Some might even give you incorrect information as a joke.
So what kinds of sources can you trust when you're writing your paper?
Whatever the exact form, academic sources all have in common the fact that they are peer-reviewed.
Peer reviewed sources are written by an expert in the field and have passed review by other experts who judged the source for quality and accuracy.
If the publisher is a university press or a professional organization, you've got a scholarly source!
Now, let's practice looking at sources and deciding whether they're academic.
If a source is peer-reviewed, you know it's a good choice for high-quality, accurate information about your topic.
Not all sources will tell you whether or not they're scholarly or peer-reviewed, but there are some clues you can look for. The author should be an expert in the field they're writing about; they should have an advanced degree or an affiliation with a scholarly organization like a university or a science foundation.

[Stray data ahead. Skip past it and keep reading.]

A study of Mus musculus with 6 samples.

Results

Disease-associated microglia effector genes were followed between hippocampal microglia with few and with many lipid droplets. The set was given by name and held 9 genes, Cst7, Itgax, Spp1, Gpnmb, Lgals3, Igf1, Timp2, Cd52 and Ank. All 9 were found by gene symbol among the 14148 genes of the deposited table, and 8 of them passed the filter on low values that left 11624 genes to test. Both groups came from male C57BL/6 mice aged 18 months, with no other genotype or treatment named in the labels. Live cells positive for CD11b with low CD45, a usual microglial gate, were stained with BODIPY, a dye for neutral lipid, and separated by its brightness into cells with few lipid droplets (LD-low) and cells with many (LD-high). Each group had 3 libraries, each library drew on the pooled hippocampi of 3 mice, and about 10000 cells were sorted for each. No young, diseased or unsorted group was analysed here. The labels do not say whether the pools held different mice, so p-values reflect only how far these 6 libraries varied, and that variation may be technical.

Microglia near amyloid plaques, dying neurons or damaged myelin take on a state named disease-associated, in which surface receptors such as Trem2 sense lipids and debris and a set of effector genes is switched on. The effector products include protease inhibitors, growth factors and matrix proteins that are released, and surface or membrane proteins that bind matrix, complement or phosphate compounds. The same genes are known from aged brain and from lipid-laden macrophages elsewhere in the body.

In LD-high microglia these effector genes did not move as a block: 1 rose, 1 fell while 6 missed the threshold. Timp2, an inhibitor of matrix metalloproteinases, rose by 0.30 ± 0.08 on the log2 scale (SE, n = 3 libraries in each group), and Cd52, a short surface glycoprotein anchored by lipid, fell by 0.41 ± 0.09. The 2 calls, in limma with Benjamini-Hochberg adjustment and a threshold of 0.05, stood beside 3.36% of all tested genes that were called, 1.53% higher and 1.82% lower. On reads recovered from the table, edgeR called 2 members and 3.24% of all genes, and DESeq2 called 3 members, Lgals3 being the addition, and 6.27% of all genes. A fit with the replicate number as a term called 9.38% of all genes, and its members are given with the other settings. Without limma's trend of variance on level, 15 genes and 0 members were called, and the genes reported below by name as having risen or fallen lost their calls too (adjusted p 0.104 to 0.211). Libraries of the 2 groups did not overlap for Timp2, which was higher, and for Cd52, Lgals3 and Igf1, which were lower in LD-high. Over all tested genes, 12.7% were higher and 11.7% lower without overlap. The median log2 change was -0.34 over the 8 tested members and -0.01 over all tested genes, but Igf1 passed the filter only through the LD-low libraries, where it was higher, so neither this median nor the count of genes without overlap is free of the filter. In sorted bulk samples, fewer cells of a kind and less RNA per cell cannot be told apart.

They can be found in aggregated databases, such as EBSCO and Pro Quest, which you can find online.
These databases provide students with access to thousands of academic sources. When you login to the database's search page, enter the topic you're writing about, and be sure to click on 'Peer Reviewed.' If you find that you're getting too many results, narrow your search to make the list of possible matches smaller. For example, if your general topic is alternative energy, searching for a specific type, such as solar energy or wind energy, will help make it easier for you to find the exact info you're looking for.